EyeBrain Launches New Version of EyeBrain Tracker
Product News Jan 17, 2012
EyeBrain has announced that it is launching a new software version of its medical device, the EyeBrain Tracker.
This means it can now contribute to the diagnosis of this pathology by confirming eye motricity impairment, which is a sensitive marker for multiple sclerosis, as well as monitoring patients’ progress and verifying the effect of therapies prescribed by practitioners.
People with multiple sclerosis often suffer from transitory or permanent neuro-ophthalmological problems, with disruptions in eye movements affecting between 60 - 80 per cent of these patients.
The most frequently observed peculiarities are alterations in saccades and pursuits (tracking movements), as well as anomalies in patients’ ability to focus and hold a look.
These eye movement indicators are valuable for determining the state of patients suffering from multiple sclerosis and for monitoring the development of the disease.
A study carried out by Dr. E. M. Frohman, from the department of neurology at the University of Texas Southwestern, showed that oculographic techniques make it possible to detect typical eye movement anomalies in the case of multiple sclerosis more precisely than a classic visual examination carried out by a clinician.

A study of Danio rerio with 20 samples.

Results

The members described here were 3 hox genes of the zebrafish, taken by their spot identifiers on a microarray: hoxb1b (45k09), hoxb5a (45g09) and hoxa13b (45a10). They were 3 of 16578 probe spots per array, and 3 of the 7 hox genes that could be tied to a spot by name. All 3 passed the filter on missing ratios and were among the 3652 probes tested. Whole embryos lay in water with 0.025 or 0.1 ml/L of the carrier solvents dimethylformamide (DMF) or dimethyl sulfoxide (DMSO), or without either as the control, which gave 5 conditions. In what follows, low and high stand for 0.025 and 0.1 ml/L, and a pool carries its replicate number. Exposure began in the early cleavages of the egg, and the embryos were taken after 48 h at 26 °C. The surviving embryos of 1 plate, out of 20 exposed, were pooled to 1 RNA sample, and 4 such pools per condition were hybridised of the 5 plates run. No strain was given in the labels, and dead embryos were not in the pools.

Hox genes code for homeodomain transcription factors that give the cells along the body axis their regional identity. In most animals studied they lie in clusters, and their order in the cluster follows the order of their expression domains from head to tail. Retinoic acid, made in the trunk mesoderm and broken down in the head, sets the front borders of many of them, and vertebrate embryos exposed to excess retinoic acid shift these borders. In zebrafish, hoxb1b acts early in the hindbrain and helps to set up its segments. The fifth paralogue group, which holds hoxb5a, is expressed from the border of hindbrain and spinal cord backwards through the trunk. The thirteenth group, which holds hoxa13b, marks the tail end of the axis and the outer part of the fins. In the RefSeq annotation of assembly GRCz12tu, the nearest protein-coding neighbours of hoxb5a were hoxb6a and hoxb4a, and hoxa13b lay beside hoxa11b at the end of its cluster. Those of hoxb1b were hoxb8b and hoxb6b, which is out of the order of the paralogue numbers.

The study, which was conducted on 279 medical practitioners, showed that, in 70 per cent of cases, a clinical examination did not enable eye movement anomalies to be detected (Accuracy of clinical detection of INO in MS: corroboration with quantitative infrared oculography, by Frohman TC, Frohman EM, O’Suilleabhain P, Salter A, Dewey RB Jr, Hogan N, et al).
From this standpoint, the EyeBrain Tracker can provide vital assistance to neurologists for monitoring patients suffering from multiple sclerosis.
The EyeBrain Tracker effectively makes it possible to analyze a sensitive and quantifiable marker of anatomical function, namely eye motricity, including internuclear ophthalmoplegia.
Since this marker is reproducible, it can provide quantified monitoring of the progress of the disease.
“There is currently no tool that provides an accurate quantification of the development of multiple sclerosis,” noted the chairman of EyeBrain, Serge Kinkingnéhun.
Kinkingnéhun continued, “The EyeBrain Tracker can thus be a valuable aid for neurologists in the treatment of their patients, especially regarding the choice of drugs and their dosing.”
The upgraded version of the EyeBrain Tracker medical device for application in multiple sclerosis has been available since December.
Clients who already possess the EyeBrain Tracker can upgrade it themselves with the help of the company’s after-sales service or through a maintenance visit.